Anyone else out there like a little bit of pie with their whipping cream? Personally, I’m of the belief that Homemade Whipping Cream is one of the most delicious, dessert-elevating tricks out there. The best part is it’s really simple to make! Most of the time I just make it to dollop on pies and desserts. However, there is a simple trick you can do while mixing it, if you need it to be stabilized, so it can last longer and be used as an icing or to top a layered pudding dessert or an ice cream cake.
You’re going to feel like a pro and be so surprised at how easy it is to make delicious homemade whipping cream. You’ll also be amazed at how easy it is to make stabilized whipped cream if you need it for more than just dolloping.
Frequently Asked Questions & Tips for Making Homemade Whipping Cream
What speed on the mixer should I use?
Medium-high speed is the sweet spot for making whipped cream. If you mix it at high speed, there’s a chance you will overwhip the cream. On the other hand, if you whip it at a slow speed, the cream will be under-whipped.
How do I know when the whipping cream is ready?
The mixture will look thick (see step-by-step photos), and when you pull the beaters out, they will leave a peak that slightly droops down. As you’re mixing, it’s okay to stop the mixer and check to see if it forms a peak when you pull the beaters out. If a peak does not form, continue mixing and checking until it does.
Where do I find unflavored Knox gelatin in the store?
Knox gelatin is usually found in the baking aisle by the Jello.
How long does homemade whipping cream last?
If you’re not using it immediately, cover it and place it in the refrigerator for up to 24 hours.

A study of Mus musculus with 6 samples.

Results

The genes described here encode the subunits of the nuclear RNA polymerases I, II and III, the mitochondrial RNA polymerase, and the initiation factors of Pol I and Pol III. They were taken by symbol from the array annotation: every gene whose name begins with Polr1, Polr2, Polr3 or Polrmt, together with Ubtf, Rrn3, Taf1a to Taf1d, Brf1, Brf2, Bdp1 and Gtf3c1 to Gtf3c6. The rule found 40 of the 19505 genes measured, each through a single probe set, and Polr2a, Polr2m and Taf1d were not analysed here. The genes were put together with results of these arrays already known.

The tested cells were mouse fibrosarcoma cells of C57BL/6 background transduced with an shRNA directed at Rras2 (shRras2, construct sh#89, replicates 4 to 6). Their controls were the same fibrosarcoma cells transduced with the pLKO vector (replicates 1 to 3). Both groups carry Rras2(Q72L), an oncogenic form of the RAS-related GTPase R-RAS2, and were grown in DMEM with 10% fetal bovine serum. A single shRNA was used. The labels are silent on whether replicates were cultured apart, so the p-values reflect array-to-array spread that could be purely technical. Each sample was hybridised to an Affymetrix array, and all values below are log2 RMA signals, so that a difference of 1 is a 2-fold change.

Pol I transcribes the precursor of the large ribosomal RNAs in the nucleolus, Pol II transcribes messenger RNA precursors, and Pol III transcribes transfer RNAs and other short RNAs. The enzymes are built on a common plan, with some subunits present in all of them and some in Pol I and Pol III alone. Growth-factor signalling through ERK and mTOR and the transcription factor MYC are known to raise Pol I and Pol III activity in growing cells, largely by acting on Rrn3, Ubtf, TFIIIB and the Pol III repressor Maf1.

What’s the difference between using granulated sugar and powdered sugar in this recipe?
For this recipe, you can use 1/2 cup powdered sugar or 1/3 cup granulated sugar, so it’s not a 1:1 ratio. If you like really sweet cream and want to add more sugar, it’s best to use powdered sugar because you’re likely to taste the granules from the granulated sugar.
- Remember, if you mix it too long, it will not be smooth and creamy. The whipping cream will have a slightly whipped butter consistency. It is always better to err on the side of not quite thick enough instead of taking it too far and ruining it.
- If you’re using a stand mixer, stand by your mixer and don’t walk away to do something else. The whipped cream can easily go from soft whipping cream to overmixed whipping cream in seconds.
- 2 cups heavy whipping cream
- ½ cup powdered sugar or ⅓ cup granulated sugar
- 1 tsp vanilla
- FOR STABILIZING
- 1 tbsp + 1 tsp cold water
- 1 tsp unflavored Knox gelatin
- To make regular whipping cream, add the heavy cream, sugar of choice, and vanilla to a medium-sized mixing bowl. Using a hand mixer, beat the mixture until it thickens and leaves a peak when you turn off the mixer and pull the beaters out.
- Serve and Enjoy!
- Cover any leftovers and keep in the fridge.
- FOR STABILIZED WHIPPED CREAM:
- First, combine the water and Knox gelatin in a very small, microwave-safe bowl. Stir it, and let it sit there for a couple of minutes while you pour the heavy cream, sugar of choice, and vanilla into a separate medium-sized bowl.
- After a few minutes, the gelatin will start to thicken. At this point, put it in the microwave for 10-12 seconds.
- Next, with a hand mixer, start mixing the heavy-cream mixture. When it looks like it is starting to get a little thick, pour in the melted gelatin mixture and continue to beat until it gets stiffer as described above. Once it is the consistency you want, you are ready to use it as icing or in any way you want to use it.
- *Remember, if you mix it too long, it will not be smooth and creamy. It will have a slightly whipped butter consistency. It is always better to err on the side of not quite thick enough instead of taking it too far and ruining it, especially if you don't have backup whipped cream in the house.